A developer plans to build seven live-work townhouse condominiums on the northeast corner of Lake Street and Ashland Avenue in Evanston.

A model of the project, looking northeast from Penny Park.

The proposal, reviewed by the city’s site plan committee Wednesday, would restore a small commercial district at the intersection that was once anchored by a neighborhood grocery store later turned into a church and a row of storefronts that included the Drummer Drapery shop.

Those buildings were demolished last year.

Developers John Cunningham and Tom Engel say the new three-and-a-half story units, three facing Lake and four facing Ashland, would have retail or office space on the first floor with living space above.

The buildings, designed by Evanston architect Ellen Galland of Rockwell Associates, would feature frame construction and HardiPlank fiber cement siding.

Cunningham, Galland
Developer Tom Engel with architect Ellen Galland at the site plan meeting.

The property is zoned B-1 which permits the combined commercial and residential use.

Community Development Director James Wolinski said, “It would have been so easy to ask to rezone the land to R4 and jam a large number of townhouses on the site. To retain the commercial character with live-work is really exciting. I can’t think of a better use for this property.”

The site is diagonally across the street from Penny Park and the Lake Street side faces the Seattle Sutton shop at 1424 Lake St.

The developers say they plan to include an elevator in each unit to make them more accessible.

Each unit will have kitchen, dining and living room space on the second floor, two bedrooms and two baths on the third floor and an additional bedroom with bath and outdoor deck on the fourth floor.

The units are expected to sell for under $800,000. Because no zoning changes are required, construction could start as early as next month.

Bill Smith is the editor and publisher of Evanston Now.

Join the Conversation


  1. Homes for ture low income families
    What about house for low income. I’m a perschool teacher here in Evanston. I was born here and grew up here. I make 22,000 a year and can only get approve for 120,000 to buy a home on my own.

    1. Low income housing
      Hi Angela,
      I just looked at the MLS listings and found 31 condos listed in Evanston at or below $150K. Nothing at $120K, however.
      You might also want to talk to the folks at the Citizens’ Lighthouse Community Land Trust. More info about their latest project is here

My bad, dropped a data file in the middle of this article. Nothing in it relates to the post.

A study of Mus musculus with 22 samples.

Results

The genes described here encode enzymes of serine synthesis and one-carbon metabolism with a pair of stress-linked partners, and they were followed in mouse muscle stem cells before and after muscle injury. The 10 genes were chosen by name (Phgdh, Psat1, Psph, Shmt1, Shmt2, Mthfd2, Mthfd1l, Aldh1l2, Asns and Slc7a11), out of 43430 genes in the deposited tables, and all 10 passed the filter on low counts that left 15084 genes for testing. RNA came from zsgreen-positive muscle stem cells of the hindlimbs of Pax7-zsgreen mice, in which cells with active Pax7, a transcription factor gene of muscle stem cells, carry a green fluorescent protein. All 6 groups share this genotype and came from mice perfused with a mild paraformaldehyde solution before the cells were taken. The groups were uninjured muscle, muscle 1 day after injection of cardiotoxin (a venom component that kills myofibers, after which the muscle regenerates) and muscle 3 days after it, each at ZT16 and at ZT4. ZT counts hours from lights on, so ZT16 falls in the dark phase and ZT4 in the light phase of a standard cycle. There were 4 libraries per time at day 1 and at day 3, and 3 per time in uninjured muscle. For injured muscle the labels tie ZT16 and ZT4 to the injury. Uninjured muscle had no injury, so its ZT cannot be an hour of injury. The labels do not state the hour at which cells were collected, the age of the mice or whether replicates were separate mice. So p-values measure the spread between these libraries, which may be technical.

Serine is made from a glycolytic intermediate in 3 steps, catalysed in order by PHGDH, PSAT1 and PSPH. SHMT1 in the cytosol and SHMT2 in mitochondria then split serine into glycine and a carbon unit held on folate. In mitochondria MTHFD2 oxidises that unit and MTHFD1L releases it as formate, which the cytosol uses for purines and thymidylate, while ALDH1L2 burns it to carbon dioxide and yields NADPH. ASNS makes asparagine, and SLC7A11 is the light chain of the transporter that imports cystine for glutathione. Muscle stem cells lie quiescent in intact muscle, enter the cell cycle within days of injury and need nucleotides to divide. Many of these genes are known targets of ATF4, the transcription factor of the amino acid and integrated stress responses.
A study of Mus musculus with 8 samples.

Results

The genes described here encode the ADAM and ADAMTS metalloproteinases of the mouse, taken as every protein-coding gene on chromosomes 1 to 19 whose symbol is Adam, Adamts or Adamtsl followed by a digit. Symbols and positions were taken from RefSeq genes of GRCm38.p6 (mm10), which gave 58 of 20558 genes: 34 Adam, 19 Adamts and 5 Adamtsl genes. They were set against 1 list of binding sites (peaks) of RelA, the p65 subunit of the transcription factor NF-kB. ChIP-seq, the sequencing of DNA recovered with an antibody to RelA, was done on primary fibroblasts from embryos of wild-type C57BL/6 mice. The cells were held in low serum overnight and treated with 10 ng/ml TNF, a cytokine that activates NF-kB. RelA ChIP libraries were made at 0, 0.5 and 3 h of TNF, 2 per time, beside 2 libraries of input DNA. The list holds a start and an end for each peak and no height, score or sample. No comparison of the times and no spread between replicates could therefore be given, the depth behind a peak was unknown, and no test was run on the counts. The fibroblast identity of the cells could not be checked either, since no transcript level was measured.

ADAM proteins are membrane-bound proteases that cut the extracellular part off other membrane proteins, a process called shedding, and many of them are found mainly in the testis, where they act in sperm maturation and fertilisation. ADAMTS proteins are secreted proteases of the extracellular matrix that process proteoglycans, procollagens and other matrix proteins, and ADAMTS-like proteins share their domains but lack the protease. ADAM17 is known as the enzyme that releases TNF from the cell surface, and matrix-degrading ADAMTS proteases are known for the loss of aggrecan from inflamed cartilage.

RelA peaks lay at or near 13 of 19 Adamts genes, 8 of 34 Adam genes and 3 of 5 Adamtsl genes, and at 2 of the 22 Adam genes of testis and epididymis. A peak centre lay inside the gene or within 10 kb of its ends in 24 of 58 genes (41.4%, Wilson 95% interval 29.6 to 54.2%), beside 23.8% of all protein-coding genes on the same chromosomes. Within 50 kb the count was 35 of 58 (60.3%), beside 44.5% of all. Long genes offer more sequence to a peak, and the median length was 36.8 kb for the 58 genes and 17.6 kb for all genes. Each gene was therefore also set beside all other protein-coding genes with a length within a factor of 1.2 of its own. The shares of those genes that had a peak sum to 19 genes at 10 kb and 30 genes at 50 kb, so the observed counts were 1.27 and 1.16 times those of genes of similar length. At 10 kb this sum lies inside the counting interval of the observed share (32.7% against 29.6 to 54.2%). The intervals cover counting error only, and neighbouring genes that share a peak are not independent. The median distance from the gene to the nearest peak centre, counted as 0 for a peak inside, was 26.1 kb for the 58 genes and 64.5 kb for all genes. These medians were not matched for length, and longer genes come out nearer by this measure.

2. careful with the mortgage

      Be careful that you understand the risks with getting a mortgage before signing. I strongly suggest you get a lawyer with real estate expereince to review the contract. ASK if the payments required by the mortgage could change at any point, or are they guaranteed to stay level. Don’t assume that just because the bank is willing to lend you the money that you will be able to afford the payments. You know your expenses better than they do.

      Also consider that you will have to pay property tax and that bill could go up, especially in Evanston. In fact, I would plan it and be prepared for some big tax increases.

  2. How can someone making $22,000 buy a home here?
    The Mayor pointed out today that there are 314 homes in foreclosure. How would someone making $22,000 afford a home here? I would suspect the smallest home would have taxes of at least $3,000. Added in utility cost of $2400. ( water,.gas,electric). What would a mortgage cost? lets say $7,000 to $8,000. – We are up to $13,000. Already lets added another $1,000 for expense on the home. ( if it is a condo it has an assessment) That gives one person about $7,000 a year to live on. I do not think it is very realistic. Given other expenses. Do they own a car? How much is that a few thousand more. That gives someone a few thousand dollars to live on.

    I do not see how someone who is making $22,000 is going to be a homeowner here? Bill you are good with numbers I made some quick estimates. What is your view – the light house group is pitching that home to a family of 5 or 6 making about $60,000 which does not look realistic either.

    People need to be told the truth they need to look at other communities for housing and commute here if they want to work here.

    Maybe Alderperson Moran can donate his excessive city of Evanston medical benifit to help people making $22,000 a year buy homes here?

  3. afford a home on $22k
    The reality is that home ownership at the $22k level is a highly unrealistic expectation. There are plenty of affordable apartments to be had in Evanston. Life is full of compromises and sacrifices. It helps to be happy with what you have, rather than miserable over what you don’t.